Microsoft: Pay Us To QA Our Free Buggy Software

from the that's-some-scam dept

We’ve certainly heard of invites to “exclusive” beta tests like Gmail, Orkut or showing up on eBay, but almost all of those were cases where individuals who had received them were then turning around and auctioning them off because there was a lot of demand to get into the community. Having a company auction them off themselves begins to get a bit tricky. Microsoft is now trying to convince people to buy the ability to beta test their latest instant messaging software. This raises a few questions. First: who are these people they’re getting people to pay them to test out and give feedback on “free” software that they clearly believe isn’t ready for primetime? It would appear that they’re basically getting people to pay Microsoft to QA its free software. Of course, that’s Microsoft’s right, and if they can convince people to do it, more power to the folks at Microsoft. However, it might make some wonder what kind of people you’ve attracted to your “beta” test. Update: As someone points out in the comments, it appears that the article we linked to at PC World may have gotten the story wrong. It may not actually be Microsoft auctioning these off, though they are promoting that the invites are for sale.



Re: No Subject Given

Um, the article is about USERS auctioning off their received invites, not Microsoft.

Yes, we had already edited the story by the time of your post. However, the original article does say that it’s Microsoft that’s doing the auctioning, so you can understand how we thought that, um, Microsoft was doing the auctioning.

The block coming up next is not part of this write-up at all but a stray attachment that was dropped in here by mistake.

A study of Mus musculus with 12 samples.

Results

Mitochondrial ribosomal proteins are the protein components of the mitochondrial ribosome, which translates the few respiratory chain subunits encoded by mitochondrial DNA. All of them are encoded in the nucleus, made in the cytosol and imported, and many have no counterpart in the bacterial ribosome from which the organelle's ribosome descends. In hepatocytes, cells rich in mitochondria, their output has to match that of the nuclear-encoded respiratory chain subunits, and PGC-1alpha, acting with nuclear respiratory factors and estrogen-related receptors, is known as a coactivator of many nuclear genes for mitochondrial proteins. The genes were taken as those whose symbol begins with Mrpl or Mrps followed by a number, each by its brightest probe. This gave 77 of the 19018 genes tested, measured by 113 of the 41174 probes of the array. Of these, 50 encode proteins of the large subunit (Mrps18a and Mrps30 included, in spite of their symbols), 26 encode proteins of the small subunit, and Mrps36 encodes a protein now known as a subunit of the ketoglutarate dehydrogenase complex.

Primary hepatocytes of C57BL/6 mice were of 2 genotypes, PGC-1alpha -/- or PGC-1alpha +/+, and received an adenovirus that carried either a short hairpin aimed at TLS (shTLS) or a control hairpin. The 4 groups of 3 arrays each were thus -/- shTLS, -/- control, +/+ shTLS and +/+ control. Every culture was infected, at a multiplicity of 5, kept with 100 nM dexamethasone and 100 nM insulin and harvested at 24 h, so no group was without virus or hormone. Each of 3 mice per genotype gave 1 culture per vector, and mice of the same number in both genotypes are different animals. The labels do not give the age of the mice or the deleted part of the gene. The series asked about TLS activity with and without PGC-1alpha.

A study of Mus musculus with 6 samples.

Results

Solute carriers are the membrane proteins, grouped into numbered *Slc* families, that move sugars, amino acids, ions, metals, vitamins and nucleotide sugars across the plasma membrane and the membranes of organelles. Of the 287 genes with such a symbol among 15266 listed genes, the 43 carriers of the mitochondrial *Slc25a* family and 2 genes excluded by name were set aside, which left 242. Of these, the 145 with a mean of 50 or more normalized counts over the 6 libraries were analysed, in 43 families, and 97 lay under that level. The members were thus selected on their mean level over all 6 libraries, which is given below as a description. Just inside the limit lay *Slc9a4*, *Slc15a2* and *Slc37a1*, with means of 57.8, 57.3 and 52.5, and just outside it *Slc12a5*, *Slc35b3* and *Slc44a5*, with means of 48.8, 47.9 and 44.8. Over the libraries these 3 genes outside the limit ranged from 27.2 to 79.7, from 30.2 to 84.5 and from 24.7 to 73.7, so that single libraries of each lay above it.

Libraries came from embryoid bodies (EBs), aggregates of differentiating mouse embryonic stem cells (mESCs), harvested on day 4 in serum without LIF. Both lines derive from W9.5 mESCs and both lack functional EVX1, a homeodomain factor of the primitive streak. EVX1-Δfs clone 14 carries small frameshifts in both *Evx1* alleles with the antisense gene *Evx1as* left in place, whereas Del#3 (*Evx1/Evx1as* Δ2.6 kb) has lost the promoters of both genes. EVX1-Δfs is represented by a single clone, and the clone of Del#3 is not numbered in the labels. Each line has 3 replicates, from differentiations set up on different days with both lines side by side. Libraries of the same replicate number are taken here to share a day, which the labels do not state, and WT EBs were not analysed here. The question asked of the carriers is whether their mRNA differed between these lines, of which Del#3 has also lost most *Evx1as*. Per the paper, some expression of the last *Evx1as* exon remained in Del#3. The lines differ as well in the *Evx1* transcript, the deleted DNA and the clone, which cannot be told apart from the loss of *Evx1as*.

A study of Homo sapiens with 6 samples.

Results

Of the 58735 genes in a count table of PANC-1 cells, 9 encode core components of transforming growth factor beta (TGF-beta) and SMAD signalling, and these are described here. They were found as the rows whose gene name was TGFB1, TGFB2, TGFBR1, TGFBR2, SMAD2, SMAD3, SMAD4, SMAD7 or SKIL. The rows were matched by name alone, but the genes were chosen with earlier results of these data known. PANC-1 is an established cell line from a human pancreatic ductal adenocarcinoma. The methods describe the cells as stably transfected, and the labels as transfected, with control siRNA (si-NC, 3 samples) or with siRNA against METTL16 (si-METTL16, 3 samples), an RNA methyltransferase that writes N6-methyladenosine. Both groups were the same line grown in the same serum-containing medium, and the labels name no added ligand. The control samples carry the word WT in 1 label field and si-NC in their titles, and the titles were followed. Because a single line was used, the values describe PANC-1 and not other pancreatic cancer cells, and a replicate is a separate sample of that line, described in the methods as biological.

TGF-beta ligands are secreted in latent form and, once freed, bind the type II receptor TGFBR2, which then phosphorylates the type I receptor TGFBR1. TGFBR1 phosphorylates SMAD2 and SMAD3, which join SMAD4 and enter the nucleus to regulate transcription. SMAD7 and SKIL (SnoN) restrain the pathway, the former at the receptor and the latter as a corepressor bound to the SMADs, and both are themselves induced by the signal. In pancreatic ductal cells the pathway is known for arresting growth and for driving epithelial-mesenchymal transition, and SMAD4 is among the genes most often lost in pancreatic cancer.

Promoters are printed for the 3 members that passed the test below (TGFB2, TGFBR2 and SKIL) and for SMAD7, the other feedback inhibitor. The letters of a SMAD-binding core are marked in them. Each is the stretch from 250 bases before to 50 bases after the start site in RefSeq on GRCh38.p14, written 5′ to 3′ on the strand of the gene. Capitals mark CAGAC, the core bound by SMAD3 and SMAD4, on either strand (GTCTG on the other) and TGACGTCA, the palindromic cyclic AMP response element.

It looks like, however, the article was incorrect.

Rikko says:

This is the software industry...

Any MMORPG player will tell you the same.. There’s beta, and then there’s “live”, which is what marketing thinks is the end of development.

No MMORPG I’ve ever played has ever had what I would call a flawless launch – DAOC had massive server outages and login server failures, not to mention wonderful exploits (like alt-tabbing to drop from the server if you were going to die). Shadowbane is still, to my knowledge, pre-beta software. At least they’ve got the lag looked after. City of Heroes had bigtime server crashes that could have been resolved if they’d been allowed another month of open beta. Blizzard completely underestimated their sales and sold more copies than servers could handle, resulting in frequently borked login servers and horrendous lag. City of Villains – it launched even more poorly than CoH. The servers stayed up but it was and still is bug city.

And that’s just the MMO world. Applications don’t fare much better. Look at Windows. Look at Linux! To this day I’m unable to install any distro because installing onto an IDE secondary drive while installing GRUB onto a SATA master isn’t supported.

But that’s just the way it is until we can produce some reliable method of AI software testing. I do QA professionally and it’s overwhelming how many permutations you need to test either manually or through a designed test case.

Bugs are unacceptable but there’s simply no way around ’em. I guess the smart thing to do is to convince end users that bugs are GOOD because then *THEY CAN REPORT THEM AND GET A THANK YOU!!!*. Humbug.